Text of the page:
For the majority of people, the controversy surrounding Amnesty International and its proposed prostitution policy is a non-story. This is for the simple reason that most will assume that decriminalisation means not arresting the women. When Amnesty promotes the notion that the decriminalisation of sex workers will protect their human rights, they fail to explain that this would apply to all those whose business is associated with the sex trade: pimps, brothel-owners, pornographers, and others who profit from the sale of women.
A number of survivors who have left the sex trade have spoken about how they survived while still involved, which includes insisting to themselves and to others that they were making a free and happy choice to sell sex.
When I exposed Amnesty’s plan to campaign on decriminalising the entire sex trade in a national newspaper, I did so in the knowledge that feminists had been fighting this battle with senior policymakers for some years. Amnesty had been experiencing pressure both inside and outside of the organisation to put the human rights of women on the Amnesty agenda. This was partially achieved when it launched its violence against women strategy, but prostitution was never a part of it. So long as Amnesty was condemning child sexual exploitation and the trafficking of women from across borders within the sex industry, they seemed fine to ignore the rest of the grotesque, state-sanctioned abuse of adult women.
The whistleblower who approached me with the policy paper told me that she and other women in the organisation could not convince many of the men that decriminalisation would harm rather than help women in prostitution. Following my exposure, and the outcry from survivors of prostitution and feminists, Amnesty responded by promising that it would properly consult interested parties before deciding on the appropriate policy. This consultation exercise was carried out by an academic who is a well-known adherent of the pro-decriminalisation argument. During the consultation, no survivor group or other abolitionist organisation that are critical of the sex trade was consulted. The result – the new draft policy – was a foregone conclusion.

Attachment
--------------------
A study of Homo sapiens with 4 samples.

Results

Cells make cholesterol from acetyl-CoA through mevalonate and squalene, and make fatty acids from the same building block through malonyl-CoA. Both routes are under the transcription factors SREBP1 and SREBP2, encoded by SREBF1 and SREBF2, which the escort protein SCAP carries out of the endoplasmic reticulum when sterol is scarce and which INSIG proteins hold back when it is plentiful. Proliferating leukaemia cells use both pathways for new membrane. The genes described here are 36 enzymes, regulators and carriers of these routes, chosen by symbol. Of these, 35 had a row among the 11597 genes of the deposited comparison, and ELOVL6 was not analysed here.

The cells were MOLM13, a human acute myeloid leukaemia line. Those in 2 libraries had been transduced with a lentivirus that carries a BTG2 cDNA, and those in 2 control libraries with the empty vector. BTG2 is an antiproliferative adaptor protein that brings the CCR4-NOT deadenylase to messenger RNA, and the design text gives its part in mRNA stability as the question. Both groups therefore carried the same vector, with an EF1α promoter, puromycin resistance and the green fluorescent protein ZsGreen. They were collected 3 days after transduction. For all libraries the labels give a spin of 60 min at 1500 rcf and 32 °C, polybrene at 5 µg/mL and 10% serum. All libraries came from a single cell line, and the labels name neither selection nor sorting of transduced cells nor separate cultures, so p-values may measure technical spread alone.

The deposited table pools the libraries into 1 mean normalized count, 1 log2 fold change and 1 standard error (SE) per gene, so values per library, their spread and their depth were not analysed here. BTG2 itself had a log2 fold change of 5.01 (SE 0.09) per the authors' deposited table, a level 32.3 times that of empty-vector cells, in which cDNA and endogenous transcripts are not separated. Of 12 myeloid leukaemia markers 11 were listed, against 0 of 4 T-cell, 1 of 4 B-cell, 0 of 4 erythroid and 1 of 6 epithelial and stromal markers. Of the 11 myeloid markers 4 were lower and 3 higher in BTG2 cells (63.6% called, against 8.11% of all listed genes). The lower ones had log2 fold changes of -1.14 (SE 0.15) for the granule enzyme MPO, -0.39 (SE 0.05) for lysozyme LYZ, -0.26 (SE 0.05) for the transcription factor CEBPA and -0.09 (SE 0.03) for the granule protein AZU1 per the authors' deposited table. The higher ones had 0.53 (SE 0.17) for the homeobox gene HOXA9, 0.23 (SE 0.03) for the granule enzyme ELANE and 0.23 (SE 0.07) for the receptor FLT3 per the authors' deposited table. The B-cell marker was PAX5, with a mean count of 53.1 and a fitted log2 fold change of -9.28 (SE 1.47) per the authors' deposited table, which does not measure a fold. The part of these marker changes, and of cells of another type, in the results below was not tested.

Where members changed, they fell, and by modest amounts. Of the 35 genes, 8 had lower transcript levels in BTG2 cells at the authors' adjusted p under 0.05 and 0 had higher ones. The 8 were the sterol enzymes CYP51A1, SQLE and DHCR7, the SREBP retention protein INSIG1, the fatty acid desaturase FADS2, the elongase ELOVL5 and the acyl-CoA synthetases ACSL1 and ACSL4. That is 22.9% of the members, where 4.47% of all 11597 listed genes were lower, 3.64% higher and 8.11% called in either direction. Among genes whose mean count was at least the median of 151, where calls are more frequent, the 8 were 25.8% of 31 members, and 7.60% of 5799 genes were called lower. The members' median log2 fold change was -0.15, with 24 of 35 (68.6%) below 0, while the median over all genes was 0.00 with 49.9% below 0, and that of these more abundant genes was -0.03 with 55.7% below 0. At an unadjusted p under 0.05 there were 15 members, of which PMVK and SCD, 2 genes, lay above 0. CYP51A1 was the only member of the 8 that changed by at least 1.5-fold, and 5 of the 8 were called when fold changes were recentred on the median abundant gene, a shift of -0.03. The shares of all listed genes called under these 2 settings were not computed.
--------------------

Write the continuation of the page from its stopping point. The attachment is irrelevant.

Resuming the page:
Amnesty has only released a short summary of this research, emphasising the accounts of a few sex workers, especially in Oslo, who have complained about police brutality. All who oppose Amnesty’s policy also oppose police brutality against any and all people. Amnesty was established to protect people against this.
In the draft policy document, New Zealand is cited as a paradise of egalitarian prostitution, but according to its own government report, that is not quite the true story. Senior police officials have admitted that policing of organised crime in legal brothels is “patchy” and the regulation of brothels is “often woeful”. One investigator noted that because of decriminalisation police were not required by law to investigate the goings-on, and organised criminals infiltrated the off-street sex industry. The gross mistreatment of women in this vile industry is clear to see. Why is it that Amnesty, supposed champion of the oppressed, fails to see this?